Do I Need a Lab Isolator or Biosafety Cabinet?

Choosing the right equipment for your laboratory is vital, but it isn’t always straightforward. When it comes to enclosures, you will likely come across lab isolators and biosafety cabinets and knowing which is most suitable for your lab can be complicated.

Both are types of containment cabinets and are commonly used in laboratories, most notably in the pharmaceutical industry. Both types of equipment are designed to protect workers from toxic agents and harmful substances, while also preventing the spread of microorganisms which could cause infection.

As we’re a leading specialist in all things laboratory fume extraction systems, we’ve put together this guide to help you understand which is best for your application.

What Are Lab Isolators?

Lab isolators, or aseptic containment isolators (CAI) are commonly used by pharmacists and technicians in pharmaceutical laboratories. They make it possible to handle materials during the process of compounding and material transfer, as they provide a barrier for the technician’s safety. HEPA filters are typically used to filter out contaminated air and prevent it from being circulated back into the laboratory.

As this kind of equipment uses a complete barrier between the materials and technicians, it is ideal for both non-hazardous and hazardous substances. For non-hazardous materials, a compounding aseptic isolator, or CAI, can be used to create a positive pressure-controlled space for working. For hazardous substances, a CACI, or compounding aseptic containment isolator is ideal as it creates a negative pressure-controlled space.

What Are Biological Safety Cabinets?

Known by many variations of the name BSCs are commonly found in research laboratories and are used for a huge range of applications, including handling animal tissue, transgenic plants, genetically modified microorganisms, pathogen microorganisms, and human gene studies.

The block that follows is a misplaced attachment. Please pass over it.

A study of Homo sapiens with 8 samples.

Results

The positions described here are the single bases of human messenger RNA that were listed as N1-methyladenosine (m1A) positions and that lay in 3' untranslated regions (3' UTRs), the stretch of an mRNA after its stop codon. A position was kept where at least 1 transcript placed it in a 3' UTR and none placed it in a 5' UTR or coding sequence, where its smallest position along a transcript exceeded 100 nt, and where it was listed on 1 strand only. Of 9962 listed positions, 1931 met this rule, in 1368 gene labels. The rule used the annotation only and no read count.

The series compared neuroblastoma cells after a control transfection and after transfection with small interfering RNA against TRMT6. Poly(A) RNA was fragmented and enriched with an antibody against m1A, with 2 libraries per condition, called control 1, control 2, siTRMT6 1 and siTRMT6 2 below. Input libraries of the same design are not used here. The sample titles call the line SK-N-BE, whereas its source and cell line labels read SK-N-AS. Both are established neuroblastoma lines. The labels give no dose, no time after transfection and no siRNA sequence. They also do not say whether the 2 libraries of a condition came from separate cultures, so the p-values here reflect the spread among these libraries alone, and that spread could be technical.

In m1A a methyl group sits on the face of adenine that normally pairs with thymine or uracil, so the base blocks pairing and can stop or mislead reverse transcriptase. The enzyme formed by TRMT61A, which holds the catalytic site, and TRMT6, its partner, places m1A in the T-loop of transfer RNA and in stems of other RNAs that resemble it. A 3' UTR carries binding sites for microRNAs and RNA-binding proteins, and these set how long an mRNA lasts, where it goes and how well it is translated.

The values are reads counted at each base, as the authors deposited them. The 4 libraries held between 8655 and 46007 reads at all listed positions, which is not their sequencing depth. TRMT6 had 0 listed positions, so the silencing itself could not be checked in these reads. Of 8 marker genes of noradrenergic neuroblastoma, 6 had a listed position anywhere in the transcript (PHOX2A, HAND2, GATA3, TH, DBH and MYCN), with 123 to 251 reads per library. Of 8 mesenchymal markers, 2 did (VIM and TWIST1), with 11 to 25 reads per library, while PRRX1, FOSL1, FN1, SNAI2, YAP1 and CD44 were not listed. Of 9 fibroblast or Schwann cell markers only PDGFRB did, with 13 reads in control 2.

They work by using air flow to protect technicians and the lab from exposure to these biohazards. Biosafety cabinets are available in different classes, each suited to different agent risks. Read our expert's insights for more information on the differences between biological cabinet classes.

What Is the Difference Between a Lab Isolator and a Biosafety Cabinet?

Both types of equipment can be used to keep you and your team safe in a research laboratory. They limit exposure of hazardous substances and ensure a clean work environment, by not allowing pathogenic microorganisms to enter or exit the workspace.

The key difference between a lab isolator and a microbiological cabinet, is that the latter is front opening, while a lab isolator is completely contained. With an opening, there is an increased risk of hazardous pathogens escaping into the lab. This means they are not ideal for handling high or moderate risk hazardous substances, which are much more suitable in a lab isolator.

Lab Isolators: Pros and Cons

There are various pros and cons to be aware of when considering aseptic containment isolators, including:


  • Cabinet is fully enclosed for ultimate protection
  • There is a physical barrier between the technician and the materials
  • Negative pressure isolation
  • Can be used for high level toxic substances
  • Include a glove box enclosure
  • Lab technicians are removed from the harmful environment
  • An additional layer of protection from the transfer chamber


  • Heat and smoke control is limited

Biosafety Cabinets: Pros and Cons

Now we have looked at the pros and cons of lab isolators, it is vital we consider the same for biosafety cabinets:


  • Suitable for working with low and moderate risk substances
  • Class III cabinets are suitable for high-risk materials
  • Large volumes of heat and smoke can also be removed


  • Front opening design increases the risk of exposure to hazardous materials
  • Not suitable for all types of substances, particularly high risk
  • Contamination can be caused by disturbances to airflow
  • Can be quite high cost upfront

Ultimately, when considering the best type of equipment for your laboratory, it will depend on the type of materials and hazardous substances you are handling. For high-risk materials, a lab isolator can usually be the most suitable option, as the containment barrier means the technician and lab is completely protected.

For low-risk substances, a BSC could be the best solution, as they provide more than adequate protection, whilst also being easy to work with. It really does all come down your application of the unit. That’s why at Tion, we take the time to understand your specific requirements so we can build and install the best solution possible for your needs. For advice and guidance on the best option for you, speak to our amazing team today.